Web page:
An interest in guns or rifles does not run in my family, or in most typical Latvian families. In fact, it took me a while to remember the word for "bullet" in Latvian because the only time I have ever heard it used was in describing the "flying bullets" of war. The gun, as such, has no romantic appeal in Latvian culture. So, how to explain my own metamorphosis from "gun-shy" to its opposite?
Since working with my writer friend Hunt Janin on a book, "Historic Trails and Travels in New Mexico," I have developed an interest in guns, rifles in particular. I would, for instance, be doing research on Mangas Coloradas, a famous Apache, and discover that he was severely wounded by a carbine ball. Immediately, I'd e-mail Hunt and ask him to explain what that was. By the time we did research on the ground in New Mexico, I had purchased my first gun: a tiny pistol charm that I hung around my neck on a chain (but not in public view). Guns, after all, are not to be flaunted or taken lightly.
Much as I'm interested in understanding how a gun or rifle works, what makes one kind of rifle "better" for a certain task than another, it's the vocabulary of guns that interests me most. That, combined with a typical literature professor's view that all guns are sexual symbols, gave rise to the idea that maybe I could discover what men feel (not think) about them.
Hunt's own interest in purchasing a classic rifle for his grandson dovetailed with my curiosity, and so this past November I attended the Reno Gun Show for the purpose of buying an 1894 Winchester rifle. I had also arranged to meet the gun collector and writer Stephen Bly who was selling the rifle and who had agreed to talk to me.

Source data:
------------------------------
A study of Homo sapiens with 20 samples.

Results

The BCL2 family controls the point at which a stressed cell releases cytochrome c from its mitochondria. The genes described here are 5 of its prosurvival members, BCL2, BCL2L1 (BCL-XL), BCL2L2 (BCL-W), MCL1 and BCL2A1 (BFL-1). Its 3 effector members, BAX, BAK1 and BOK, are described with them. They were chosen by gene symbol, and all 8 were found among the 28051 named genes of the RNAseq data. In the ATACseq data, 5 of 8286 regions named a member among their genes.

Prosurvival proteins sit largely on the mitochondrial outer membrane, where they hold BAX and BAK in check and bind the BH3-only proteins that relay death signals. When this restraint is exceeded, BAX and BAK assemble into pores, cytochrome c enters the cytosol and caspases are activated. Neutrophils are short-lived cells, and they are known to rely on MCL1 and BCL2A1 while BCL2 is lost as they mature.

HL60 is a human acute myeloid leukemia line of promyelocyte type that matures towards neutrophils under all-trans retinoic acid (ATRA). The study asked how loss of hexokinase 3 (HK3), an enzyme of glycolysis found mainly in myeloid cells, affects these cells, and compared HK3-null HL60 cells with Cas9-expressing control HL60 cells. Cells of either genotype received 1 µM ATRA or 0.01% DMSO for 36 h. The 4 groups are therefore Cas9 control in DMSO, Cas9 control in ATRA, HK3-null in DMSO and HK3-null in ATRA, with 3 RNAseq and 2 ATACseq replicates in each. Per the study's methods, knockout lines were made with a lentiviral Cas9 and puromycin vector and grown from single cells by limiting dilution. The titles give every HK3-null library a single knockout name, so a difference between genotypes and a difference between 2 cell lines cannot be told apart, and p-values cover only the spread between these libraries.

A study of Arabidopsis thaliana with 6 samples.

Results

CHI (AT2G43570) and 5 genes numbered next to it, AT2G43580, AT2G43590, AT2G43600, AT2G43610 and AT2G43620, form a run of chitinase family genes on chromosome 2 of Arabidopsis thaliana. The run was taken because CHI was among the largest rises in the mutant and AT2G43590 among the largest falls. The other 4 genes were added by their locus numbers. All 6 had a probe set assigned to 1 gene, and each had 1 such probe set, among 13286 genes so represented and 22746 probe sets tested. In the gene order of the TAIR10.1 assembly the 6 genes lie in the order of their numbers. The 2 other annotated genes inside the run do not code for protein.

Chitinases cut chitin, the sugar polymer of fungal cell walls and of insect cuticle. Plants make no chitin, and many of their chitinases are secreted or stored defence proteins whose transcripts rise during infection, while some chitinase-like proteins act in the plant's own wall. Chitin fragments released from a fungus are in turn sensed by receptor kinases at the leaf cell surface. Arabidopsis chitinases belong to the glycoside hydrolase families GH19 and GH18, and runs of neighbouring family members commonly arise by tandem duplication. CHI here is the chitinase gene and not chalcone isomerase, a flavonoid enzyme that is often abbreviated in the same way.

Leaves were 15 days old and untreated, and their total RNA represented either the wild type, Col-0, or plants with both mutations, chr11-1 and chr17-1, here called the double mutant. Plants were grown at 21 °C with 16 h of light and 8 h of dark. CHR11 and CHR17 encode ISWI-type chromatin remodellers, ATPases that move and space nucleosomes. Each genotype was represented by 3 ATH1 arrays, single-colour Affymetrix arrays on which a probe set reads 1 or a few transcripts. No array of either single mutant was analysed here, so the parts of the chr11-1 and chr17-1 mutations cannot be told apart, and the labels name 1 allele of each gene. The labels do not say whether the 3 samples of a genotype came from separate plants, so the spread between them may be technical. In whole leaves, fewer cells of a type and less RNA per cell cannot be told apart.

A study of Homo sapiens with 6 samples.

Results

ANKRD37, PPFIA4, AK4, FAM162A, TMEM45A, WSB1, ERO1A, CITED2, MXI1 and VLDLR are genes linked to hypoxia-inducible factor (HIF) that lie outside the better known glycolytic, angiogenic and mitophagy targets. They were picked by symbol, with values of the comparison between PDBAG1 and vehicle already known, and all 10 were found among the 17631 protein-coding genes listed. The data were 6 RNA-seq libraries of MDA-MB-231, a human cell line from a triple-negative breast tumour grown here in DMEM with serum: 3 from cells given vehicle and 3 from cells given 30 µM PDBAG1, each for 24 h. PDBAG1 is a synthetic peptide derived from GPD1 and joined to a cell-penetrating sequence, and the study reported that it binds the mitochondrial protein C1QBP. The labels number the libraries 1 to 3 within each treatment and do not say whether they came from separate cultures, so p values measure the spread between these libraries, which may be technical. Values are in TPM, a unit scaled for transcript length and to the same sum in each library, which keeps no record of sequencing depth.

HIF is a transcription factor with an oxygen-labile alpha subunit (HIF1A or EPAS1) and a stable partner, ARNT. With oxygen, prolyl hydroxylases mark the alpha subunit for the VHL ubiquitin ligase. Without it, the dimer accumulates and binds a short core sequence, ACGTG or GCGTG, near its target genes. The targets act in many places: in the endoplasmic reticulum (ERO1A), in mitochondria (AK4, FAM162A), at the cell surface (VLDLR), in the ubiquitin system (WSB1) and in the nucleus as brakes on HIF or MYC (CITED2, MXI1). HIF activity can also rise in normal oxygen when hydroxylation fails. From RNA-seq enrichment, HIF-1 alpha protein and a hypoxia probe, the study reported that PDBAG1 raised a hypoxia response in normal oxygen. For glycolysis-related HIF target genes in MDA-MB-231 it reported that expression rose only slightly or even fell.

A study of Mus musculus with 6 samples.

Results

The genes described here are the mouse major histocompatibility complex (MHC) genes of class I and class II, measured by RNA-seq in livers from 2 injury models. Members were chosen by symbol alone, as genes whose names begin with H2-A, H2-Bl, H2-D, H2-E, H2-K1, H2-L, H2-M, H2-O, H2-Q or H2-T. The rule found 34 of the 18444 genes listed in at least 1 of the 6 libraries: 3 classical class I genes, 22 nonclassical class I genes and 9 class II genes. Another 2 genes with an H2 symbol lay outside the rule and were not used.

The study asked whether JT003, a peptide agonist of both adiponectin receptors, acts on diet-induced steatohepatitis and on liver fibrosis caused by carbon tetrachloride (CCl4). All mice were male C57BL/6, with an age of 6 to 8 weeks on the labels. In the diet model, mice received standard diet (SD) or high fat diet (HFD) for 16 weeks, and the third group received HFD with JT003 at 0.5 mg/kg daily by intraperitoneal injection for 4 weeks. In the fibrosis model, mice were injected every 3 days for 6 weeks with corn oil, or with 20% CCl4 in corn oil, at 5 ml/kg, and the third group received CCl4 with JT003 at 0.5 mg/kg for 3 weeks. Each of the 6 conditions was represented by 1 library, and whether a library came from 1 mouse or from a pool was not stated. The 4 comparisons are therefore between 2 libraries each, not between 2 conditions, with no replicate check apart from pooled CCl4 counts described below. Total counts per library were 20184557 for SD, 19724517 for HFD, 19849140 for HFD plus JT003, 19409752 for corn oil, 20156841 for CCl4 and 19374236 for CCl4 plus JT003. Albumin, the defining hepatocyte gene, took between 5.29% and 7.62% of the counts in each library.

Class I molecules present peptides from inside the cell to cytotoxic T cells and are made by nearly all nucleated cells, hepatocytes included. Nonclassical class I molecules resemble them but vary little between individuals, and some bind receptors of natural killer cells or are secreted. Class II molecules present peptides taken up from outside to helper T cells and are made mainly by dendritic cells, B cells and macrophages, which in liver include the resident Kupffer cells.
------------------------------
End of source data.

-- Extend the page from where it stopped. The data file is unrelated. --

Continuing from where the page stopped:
In answer to my question, "What is it about the rifle that draws you to it, that you can't resist?" I imagined that he might say the smooth walnut wood, or the engravings on the "blue" steel, the beautiful curve of the buttplate, but Mr. Bly answered, "The sound of the 'click' when the action is closed."
We talked at length and I came away from the experience realizing that men who collect guns think of them as art, as antiques, as objects of history. It's the precision of the mechanism that is attractive, and I found myself thinking of these men in a different way than before. Believe it or not, these gun collectors hold a rifle tenderly.
In showing me how to work the action, Bly cautioned me not to pull the trigger too many times on an empty rifle because it isn't "good" for it. These men are perfectionists in the way they talk about cleaning a rifle, threading cleaning rod with a patch. They make a point of using the word "lightly" when speaking of oiling the rifle internally and externally. They worry about rust collecting in a gun case.
I do think that on a subliminal level, anything that shoots, that discharges its power, which is "hot" in nature, is a sexual object, one that in American culture men identify with. Think of this word: Firearm. The implication is that "fire" grows naturally out of the living arm itself. That it's not a tool, not an extension of the arm, but the actual superman-like physical superiority itself.
Latvians, needless to say, do not have an equivalent word for firearm, and the word for rooster has no associations with it other than chickens.
- Ursula Carlson, Ph.D., teaches writing and literature at Western Nevada College.